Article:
The Fight for Francophone Rights Series

The Fight for Francophone Rights Series

In 1982, when section 23 of the Canadian Charter of Rights and Freedoms was adopted, the Canadian Constitution gave linguistic minorities the right to be educated in their own language. Yet, as francophone minorities outside Quebec soon came to realize, infrastructures needed for an education in French were lacking or totally nonexistent.

    campus 2015 | 57 min

    In 1982, when section 23 of the Canadian Charter of Rights and Freedoms was adopted, the Canadian Constitution gave linguistic minorities the right to be educated in their own language. Yet, as francophone minorities outside Quebec soon came to realize, infrastructures needed for an education in French were lacking or totally nonexistent.

    Groups of parents decided to launch legal battles to force provincial governments to recognize and respect their rights. The three-part documentary series The Fight For Francophone Rights looks at six of these battles. Through interviews with the players involved, director Anne-Marie Rocher spotlights the issues that have pushed francophones to commit to a long fight that many considered a lost cause. If the infrastructures needed to transmit culture, language and history are lacking, inadequate or nonexistent, what does the future hold for francophone minorities?

    Watch Part Two and Part Three of The Fight for Francophone Rights.

  • The Fight for Francophone Rights - Part Two - Our Rights, Our Fights
    campus 2015 | 57 min

    In 1982, when section 23 of the Canadian Charter of Rights and Freedoms was adopted, the Canadian Constitution gave linguistic minorities the right to be educated in their own language. Yet, as francophone minorities outside Quebec soon came to realize, infrastructures needed for an education in French were lacking or totally nonexistent.

    Groups of parents decided to launch legal battles to force provincial governments to recognize and respect their rights. The three-part documentary series The Fight For Francophone Rights looks at six of these battles. Through interviews with the players involved, director Anne-Marie Rocher spotlights the issues that have pushed francophones to commit to a long fight that many considered a lost cause. If the infrastructures needed to transmit culture, language and history are lacking, inadequate or nonexistent, what does the future hold for francophone minorities?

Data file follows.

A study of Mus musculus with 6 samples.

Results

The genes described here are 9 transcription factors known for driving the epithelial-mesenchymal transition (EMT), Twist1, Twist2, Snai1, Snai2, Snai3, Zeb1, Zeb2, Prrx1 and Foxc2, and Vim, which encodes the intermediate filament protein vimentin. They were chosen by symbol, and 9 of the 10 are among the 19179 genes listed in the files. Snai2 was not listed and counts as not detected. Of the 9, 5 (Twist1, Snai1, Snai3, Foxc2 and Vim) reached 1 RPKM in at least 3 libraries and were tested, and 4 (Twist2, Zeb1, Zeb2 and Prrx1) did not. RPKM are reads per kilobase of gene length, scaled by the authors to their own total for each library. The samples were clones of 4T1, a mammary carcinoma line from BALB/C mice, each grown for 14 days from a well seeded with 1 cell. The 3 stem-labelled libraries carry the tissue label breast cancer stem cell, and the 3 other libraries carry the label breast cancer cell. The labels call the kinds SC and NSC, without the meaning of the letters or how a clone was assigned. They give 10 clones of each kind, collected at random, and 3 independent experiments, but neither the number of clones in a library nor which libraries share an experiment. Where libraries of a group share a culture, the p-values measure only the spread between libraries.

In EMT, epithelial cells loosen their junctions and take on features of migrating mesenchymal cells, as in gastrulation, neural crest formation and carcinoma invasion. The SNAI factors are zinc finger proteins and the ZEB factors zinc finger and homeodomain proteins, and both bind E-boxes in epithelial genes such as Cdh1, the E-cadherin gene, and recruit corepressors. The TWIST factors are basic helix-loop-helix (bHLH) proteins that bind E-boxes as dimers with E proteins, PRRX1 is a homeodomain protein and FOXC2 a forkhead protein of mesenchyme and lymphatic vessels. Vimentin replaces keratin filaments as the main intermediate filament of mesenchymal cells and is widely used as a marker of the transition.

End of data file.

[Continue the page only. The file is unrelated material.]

Watch Part One and Part Three of The Fight for Francophone Rights.

  • The Fight for Francophone Rights - Part Three - Setbacks and Justice
    campus 2015 | 57 min

    In 1982, when section 23 of the Canadian Charter of Rights and Freedoms was adopted, the Canadian Constitution gave linguistic minorities the right to be educated in their own language. Yet, as francophone minorities outside Quebec soon came to realize, infrastructures needed for an education in French were lacking or totally nonexistent.

    Groups of parents decided to launch legal battles to force provincial governments to recognize and respect their rights. The three-part documentary series The Fight For Francophone Rights looks at six of these battles. Through interviews with the players involved, director Anne-Marie Rocher spotlights the issues that have pushed francophones to commit to a long fight that many considered a lost cause. If the infrastructures needed to transmit culture, language and history are lacking, inadequate or nonexistent, what does the future hold for francophone minorities?

    Watch Part One and Part Two of The Fight for Francophone Rights.